The NSW Environment Protection Authority (EPA) has released precautionary advice and is directly contacting residents after testing found per-and poly-fluoroalkyl substances (PFAS) in three Hunter Valley creeks after heavy rainfall earlier in 2018.
The Federal Government’s PFAS Expert Health Panel has concluded that there is no current evidence to suggest an increase in overall human health risk related to PFAS exposure, but has not ruled it out.
Until more information becomes available, a precautionary advice to minimise exposure to PFAS remains in place across the state.
Residents living on Stony, Fishery and Wallis creeks near Rutherford in the Hunter Valley have been issued with the following precautionary advice:
Where chickens and livestock have been watered with or have access to creek water, avoid consuming eggs, milk and home-slaughtered livestock.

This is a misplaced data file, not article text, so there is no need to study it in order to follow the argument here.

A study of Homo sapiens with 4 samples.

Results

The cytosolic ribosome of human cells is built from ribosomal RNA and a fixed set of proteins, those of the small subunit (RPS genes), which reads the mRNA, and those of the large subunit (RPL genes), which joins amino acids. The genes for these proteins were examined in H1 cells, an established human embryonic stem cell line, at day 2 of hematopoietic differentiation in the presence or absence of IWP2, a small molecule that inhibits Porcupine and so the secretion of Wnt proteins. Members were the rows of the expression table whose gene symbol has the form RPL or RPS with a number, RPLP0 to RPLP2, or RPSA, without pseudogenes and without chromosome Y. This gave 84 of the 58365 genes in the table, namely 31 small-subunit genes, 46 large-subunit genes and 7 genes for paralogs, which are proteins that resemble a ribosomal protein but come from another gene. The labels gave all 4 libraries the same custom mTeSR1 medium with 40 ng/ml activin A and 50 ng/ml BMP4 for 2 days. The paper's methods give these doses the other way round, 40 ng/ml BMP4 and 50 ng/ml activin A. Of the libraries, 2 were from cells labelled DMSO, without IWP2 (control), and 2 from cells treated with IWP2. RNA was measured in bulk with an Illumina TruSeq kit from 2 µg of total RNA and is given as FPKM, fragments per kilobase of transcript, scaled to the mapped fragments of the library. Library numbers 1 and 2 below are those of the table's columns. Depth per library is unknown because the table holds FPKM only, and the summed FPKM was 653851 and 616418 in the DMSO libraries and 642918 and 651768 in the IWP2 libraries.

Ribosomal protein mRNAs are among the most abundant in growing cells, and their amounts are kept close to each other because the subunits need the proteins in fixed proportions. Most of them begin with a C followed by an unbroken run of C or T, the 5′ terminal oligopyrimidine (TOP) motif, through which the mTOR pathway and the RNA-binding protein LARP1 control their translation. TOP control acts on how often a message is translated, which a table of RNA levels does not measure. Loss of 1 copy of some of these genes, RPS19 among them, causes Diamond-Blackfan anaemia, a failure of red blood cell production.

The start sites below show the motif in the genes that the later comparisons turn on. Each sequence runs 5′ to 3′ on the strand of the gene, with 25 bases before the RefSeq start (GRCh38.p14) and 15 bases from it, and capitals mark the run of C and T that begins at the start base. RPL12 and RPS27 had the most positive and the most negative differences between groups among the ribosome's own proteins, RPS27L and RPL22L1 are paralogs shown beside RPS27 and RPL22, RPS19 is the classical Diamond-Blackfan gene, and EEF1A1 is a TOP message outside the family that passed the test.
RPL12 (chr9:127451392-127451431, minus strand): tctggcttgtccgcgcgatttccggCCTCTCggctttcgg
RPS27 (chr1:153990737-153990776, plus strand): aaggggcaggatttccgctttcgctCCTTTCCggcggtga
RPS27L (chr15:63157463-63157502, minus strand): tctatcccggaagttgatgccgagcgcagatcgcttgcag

Fishery Creek (downstream of the confluence with Stony Creek) and Wallis Creek (downstream of the confluence with Fishery Creek)
Where livestock have been watered with or have access to creek water, avoid eating home-slaughtered livestock.
The EPA will oversee a process to ensure the Truegain waste oil processing facility at Rutherford is cleaned up and contamination at the site is contained, after the company went into liquidation.
Truegain’s Environment Protection Licence was suspended by the EPA in 2016, following poor environmental performance.
The EPA is also investigating other potential sources of PFAS contamination in the Stony Creek catchment, including a number of premises with the Rutherford Industrial Estate.
The EPA is contacting residents who this advice applies to via a letterbox drop.